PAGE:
I have developed a specialty niche that utilizes alternative investments which include commodity based assets managed by trend following specialists. Unlike traditional money managers that are dependent on a rising market for sustained positive returns, these specialists utilize their training, technology, and expertise to seek positive returns during rising and declining markets.
“When the consequences of a particular outcome would be extremely destructive, one has to hedge, regardless of one’s estimate of the probabilities and no one can know the probabilities with certainty.”
Since the second quarter of 2002 I have been convinced that the 18-year bull market was over in 2000 and that a new bear market had begun. Historically, this meant that the stock market had experienced flat or negative returns anywhere from a few years to as many as 26 years (1929-1946). The implications of this possibility were, and are, enormous and very damaging for investor’s portfolios - particularly for retirees.
Recognizing that bear markets are noted for long periods of undulating and disappointing performance required me to reconfigure portfolios accordingly. The problem for investors is they typically do not want to accept the notion that bear markets are as normal as bull markets and that they can last much longer than they either want them to or can afford.
The problem with bear markets is that they tend to fall much faster than they rise and usually do so when the public either does not believe it or won’t accept it. To illustrate the risk involved in ignoring bear market strength and duration, I began to utilize a quote from famed mathematician Blaise Pascal which is stated above.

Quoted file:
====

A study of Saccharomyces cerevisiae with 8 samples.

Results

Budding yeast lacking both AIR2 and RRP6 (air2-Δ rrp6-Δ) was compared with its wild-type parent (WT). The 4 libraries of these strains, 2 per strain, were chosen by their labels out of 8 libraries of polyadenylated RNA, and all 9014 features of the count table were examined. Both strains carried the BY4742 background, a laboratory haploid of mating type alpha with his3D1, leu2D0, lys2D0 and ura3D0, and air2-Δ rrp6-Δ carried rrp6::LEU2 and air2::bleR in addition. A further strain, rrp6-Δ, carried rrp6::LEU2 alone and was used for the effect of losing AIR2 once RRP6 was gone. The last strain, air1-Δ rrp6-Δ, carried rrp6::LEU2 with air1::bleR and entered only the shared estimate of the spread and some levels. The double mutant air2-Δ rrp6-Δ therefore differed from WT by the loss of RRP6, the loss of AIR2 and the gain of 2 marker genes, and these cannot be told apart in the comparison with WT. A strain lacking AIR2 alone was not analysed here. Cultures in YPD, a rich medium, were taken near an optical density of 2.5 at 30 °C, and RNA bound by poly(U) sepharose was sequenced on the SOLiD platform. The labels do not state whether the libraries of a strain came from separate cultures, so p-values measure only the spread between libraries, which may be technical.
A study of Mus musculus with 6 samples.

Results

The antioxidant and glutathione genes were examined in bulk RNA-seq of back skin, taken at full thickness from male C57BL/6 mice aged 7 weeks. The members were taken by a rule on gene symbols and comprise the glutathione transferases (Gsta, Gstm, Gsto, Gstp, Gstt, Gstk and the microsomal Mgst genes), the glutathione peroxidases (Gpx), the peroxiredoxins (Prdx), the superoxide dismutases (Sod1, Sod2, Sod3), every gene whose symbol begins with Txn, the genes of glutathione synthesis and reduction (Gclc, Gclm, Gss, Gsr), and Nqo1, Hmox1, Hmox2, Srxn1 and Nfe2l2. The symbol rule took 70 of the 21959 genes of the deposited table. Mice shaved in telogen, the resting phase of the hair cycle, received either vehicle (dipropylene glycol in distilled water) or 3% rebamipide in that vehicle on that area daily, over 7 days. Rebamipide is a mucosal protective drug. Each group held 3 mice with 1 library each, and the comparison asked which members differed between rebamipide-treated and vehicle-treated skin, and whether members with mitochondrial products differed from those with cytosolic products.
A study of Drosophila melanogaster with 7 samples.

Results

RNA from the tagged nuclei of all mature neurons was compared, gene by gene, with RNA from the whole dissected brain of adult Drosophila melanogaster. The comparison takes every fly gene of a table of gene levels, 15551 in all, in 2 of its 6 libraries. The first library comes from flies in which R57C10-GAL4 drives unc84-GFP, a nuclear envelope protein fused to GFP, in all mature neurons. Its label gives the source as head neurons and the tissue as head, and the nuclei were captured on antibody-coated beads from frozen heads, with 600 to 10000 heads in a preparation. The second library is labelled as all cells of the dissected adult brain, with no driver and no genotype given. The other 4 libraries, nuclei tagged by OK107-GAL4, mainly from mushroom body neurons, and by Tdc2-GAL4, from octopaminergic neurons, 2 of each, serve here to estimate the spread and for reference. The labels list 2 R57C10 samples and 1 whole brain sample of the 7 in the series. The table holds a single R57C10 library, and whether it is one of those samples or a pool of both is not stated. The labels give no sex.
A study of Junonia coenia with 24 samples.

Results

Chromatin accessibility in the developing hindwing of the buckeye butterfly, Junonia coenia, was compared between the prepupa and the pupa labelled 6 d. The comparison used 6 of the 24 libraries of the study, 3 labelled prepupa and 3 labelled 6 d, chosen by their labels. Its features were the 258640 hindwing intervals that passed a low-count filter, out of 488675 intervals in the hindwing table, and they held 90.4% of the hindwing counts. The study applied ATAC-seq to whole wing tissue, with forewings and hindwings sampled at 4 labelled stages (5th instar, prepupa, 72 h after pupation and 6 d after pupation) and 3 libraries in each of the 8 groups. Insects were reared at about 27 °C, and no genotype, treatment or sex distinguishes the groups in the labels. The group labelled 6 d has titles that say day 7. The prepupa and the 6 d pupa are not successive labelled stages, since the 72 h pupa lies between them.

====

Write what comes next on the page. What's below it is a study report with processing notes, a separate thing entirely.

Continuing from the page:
It is my opinion that the concepts of performance cycles, risk and volatility are understated by popular theories and that clients who are endlessly waiting for the market to “get better” are missing opportunities to achieve positive performance while the markets are volatile. There are alternatives to investing only in stocks or bonds. These alternatives include investments that are hedged against the possibility of market reversals or, more importantly, are non-correlated from the market where their returns are derived in investments different from stocks and bonds. A frequent objection to these strategies are a fear of “missing the market” when it goes back up. This thought process presumes that will become favorable within a reasonable amount of time and remain that way.
John Maynard Kaynes once stated that “markets can remain illogical longer than you can remain solvent”. I concur with that logic and believe bear markets require a different course of action. The risk of investing in bull or bear markets is the same: When you purchase a stock, three things can happen and two of them are bad (they either go up, stay the same or go down).
In a bull market, strategy and skill can offset the disadvantage. In bear markets, the odds are worse and evidence supports that opinion. The good news is that there are investment disciplines that allow the money manager to make money when the investment goes up in value or goes down. They are available to qualified investors and offer the opportunity to obtain profits while markets are trending up and down.
This trend following style of investing leads me to introduce my second favorite quote taken from Captain Woodrow Call in the western classic Lonesome Dove:
“It’s better to have it and not need it than it is to need it and not have it.”
Sometimes we have to look outside the (style) box to move forward. My procedure of providing investment services is to identify and explain investment risks to clients and then implement the best money management services available to us. It is a dynamic, not static, process and offers the investor a greater array of solutions to investing in a historically very challenging environment.